November 8, 2021

Via Chinese state media.

On the condition they aren’t in the NATO alliance or recognized as a NATO partner–or caught in a feud with Beijing–so many countries are now able to afford world-class air defenses made by China. Although Russia is very aggressive in promoting its exportable air defense technology China’s state-owned companies–and some private sector manufacturers–offer a broader catalog than any other competitor. The newest addition is the HQ-17AE, a road mobile short-range SAM launcher, that made its latest appearance in this year’s Air Show China. The HQ-17AE is easily comparable to the Russian-made Tor-M2 on a wheeled transporter but there’s no public confirmation if its manufacturer CASC had some Russian help.

This road mobile SAM made its first documented public appearance in October 2019 for an immense commemorative military parade. At the time its designation wasn’t printed on the vehicle unlike the HQ-6, HQ-12, HQ-9, or HQ-22’s at the same event in Beijing. During the parade the HQ-17’s were followed by the HQ-16 medium-range SAMs–the latter’s export variant the LY-80 was acquired by Pakistan. Their pairing suggested the HQ-16 and 17 complemented each other as a layered air defense network to cover the gaps in theater air defenses such as the HQ-9/9B and the HQ-22 long-range SAMs. It was only in 2021 when the HQ-17AE received glowing coverage by Chinese state media. Although a similar vehicle designated the FM-2000 was put on display at the Zhuhai Air Show in 2018 very little about its characteristics are known except it carries eight missiles in a vertical launcher. Just like the Tor-M2 its munitions pop out of their containers and ignite in mid-air.

What hasn’t been established is whether the development of the HQ-17AE was coordinated with another country that enjoys close military-to-military ties with China and its state-owned manufacturers. In late 2020 a new generation of SAMs manufactured by North Korea appeared at a parade in the capital. These consisted of a long-range theater level SAM and a short-range mobile SAM based on vertical launchers on a trailer. Within the span of a year Iran’s air defense branch conducted large-scale exercises involving its new road mobile SAMs. These included another Tor-based launcher identified as the “Dezful.” It can’t be ruled out that among the countries who are aligned against US hegemony in Asia there exists an active program to develop new types of air defenses based on common technology–in this case, the Russian Tor-M1/M2.

Even without the HQ-17AE China’s state-owned military industrial sector boasts a sizable catalog of short-range SAMs and if clients request, their production is transferable. Such is the case with the Iranian “Ya Zahra” short-range SAM. The quad launchers and their missiles are based on the HQ-7, a Chinese copy of the French-made Crotale SAM, but the Iranians installed theirs on a 6×6 truck. (Other Iranian air defenses based on Chinese technology are the Misagh MANPADS and the locally made copies of the HQ-2/S-75 SAM.) China has exported the HQ-7 and the improved HQ-7B to Bangladesh, Pakistan, and Turkmenistan. Other Chinese short-range SAMs available for export are the HQ-6 and HQ-12. The latter was supplied to Myanmar’s armed forces and a production line for its missiles was even established locally.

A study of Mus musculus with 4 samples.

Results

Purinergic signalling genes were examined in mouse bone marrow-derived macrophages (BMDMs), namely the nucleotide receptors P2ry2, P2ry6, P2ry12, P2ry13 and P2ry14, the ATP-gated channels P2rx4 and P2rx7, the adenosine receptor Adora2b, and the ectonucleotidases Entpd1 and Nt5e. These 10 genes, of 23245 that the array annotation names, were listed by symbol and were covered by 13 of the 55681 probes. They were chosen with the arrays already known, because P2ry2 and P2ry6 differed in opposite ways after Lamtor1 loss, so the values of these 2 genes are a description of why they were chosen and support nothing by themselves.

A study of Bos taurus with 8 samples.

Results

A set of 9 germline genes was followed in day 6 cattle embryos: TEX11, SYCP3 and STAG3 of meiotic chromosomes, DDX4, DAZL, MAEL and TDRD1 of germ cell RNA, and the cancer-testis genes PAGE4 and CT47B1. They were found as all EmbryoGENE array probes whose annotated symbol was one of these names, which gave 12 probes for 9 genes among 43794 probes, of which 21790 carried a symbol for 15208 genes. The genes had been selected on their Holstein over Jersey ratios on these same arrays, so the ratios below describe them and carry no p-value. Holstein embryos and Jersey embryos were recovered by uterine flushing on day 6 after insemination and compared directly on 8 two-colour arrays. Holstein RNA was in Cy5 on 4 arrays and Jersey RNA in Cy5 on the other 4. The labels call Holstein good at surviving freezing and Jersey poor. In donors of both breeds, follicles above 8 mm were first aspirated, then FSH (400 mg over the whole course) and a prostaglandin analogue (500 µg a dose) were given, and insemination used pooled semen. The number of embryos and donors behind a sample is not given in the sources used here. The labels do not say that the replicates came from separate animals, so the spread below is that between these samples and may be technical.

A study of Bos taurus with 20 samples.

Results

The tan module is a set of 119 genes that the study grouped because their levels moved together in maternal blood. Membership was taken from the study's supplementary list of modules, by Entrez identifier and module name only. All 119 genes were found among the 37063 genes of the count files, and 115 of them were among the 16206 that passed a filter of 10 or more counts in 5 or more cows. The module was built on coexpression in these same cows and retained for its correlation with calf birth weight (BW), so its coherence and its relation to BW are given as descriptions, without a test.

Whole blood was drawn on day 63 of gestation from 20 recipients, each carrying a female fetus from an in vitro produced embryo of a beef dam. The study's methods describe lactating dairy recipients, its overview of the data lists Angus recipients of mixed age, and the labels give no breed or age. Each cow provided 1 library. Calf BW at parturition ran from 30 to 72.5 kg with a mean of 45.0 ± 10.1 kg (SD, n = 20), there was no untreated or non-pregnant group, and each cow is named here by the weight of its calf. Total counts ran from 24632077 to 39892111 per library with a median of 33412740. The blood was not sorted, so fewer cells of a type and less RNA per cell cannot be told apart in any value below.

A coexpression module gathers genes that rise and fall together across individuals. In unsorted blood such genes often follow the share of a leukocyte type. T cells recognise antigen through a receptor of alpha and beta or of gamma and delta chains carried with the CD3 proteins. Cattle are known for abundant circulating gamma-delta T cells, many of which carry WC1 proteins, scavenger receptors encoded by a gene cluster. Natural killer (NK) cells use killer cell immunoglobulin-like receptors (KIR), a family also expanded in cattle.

The HQ-17AE joins three other new short-range air defense systems promoted for Air Show China in late September. Different manufacturers openly collaborate to develop these like CASIC’s FK-2000 that employs an eight-wheeled transporter. The FK-2000 is armed with 12 missiles and a pair of six-barrel rotary cannons. Its appearance invites comparisons with the Russian-made Kashtan close-in weapon systems meant for naval surface vessels. But with the FK-2000 CASIC envisioned a similar air defense weapon system on a wheeled transporter. Another air defense system from CASC–not CASIC–is the LY-70, which is based on a wheeled transporter as well, and carries eight medium-range SAMs and four short-range SAMs. As if the FK-2000 and LY-70 weren’t enough CASC is ready to export a direct energy weapon on a truck called the OW5 and it’s for neutralizing unmanned aircraft.

What makes the HQ-17AE appealing for end users is having a generational replacement for obsolete or non-functional air defenses, especially if these are of Soviet origin. Upgrading with multi-layered SAMs over existing anti-aircraft artillery is just as important. Militaries who must assemble complex air defenses from scratch are well-served by the HQ-17AE since it belongs to a broader network of related weapon systems such as the mid-range HQ-16/LY-70 and the long-range HQ-9/9B. Taken together these form a deterrent versus the air power of hostile neighbors or the risks posed by regional ballistic missile and combat drone proliferation.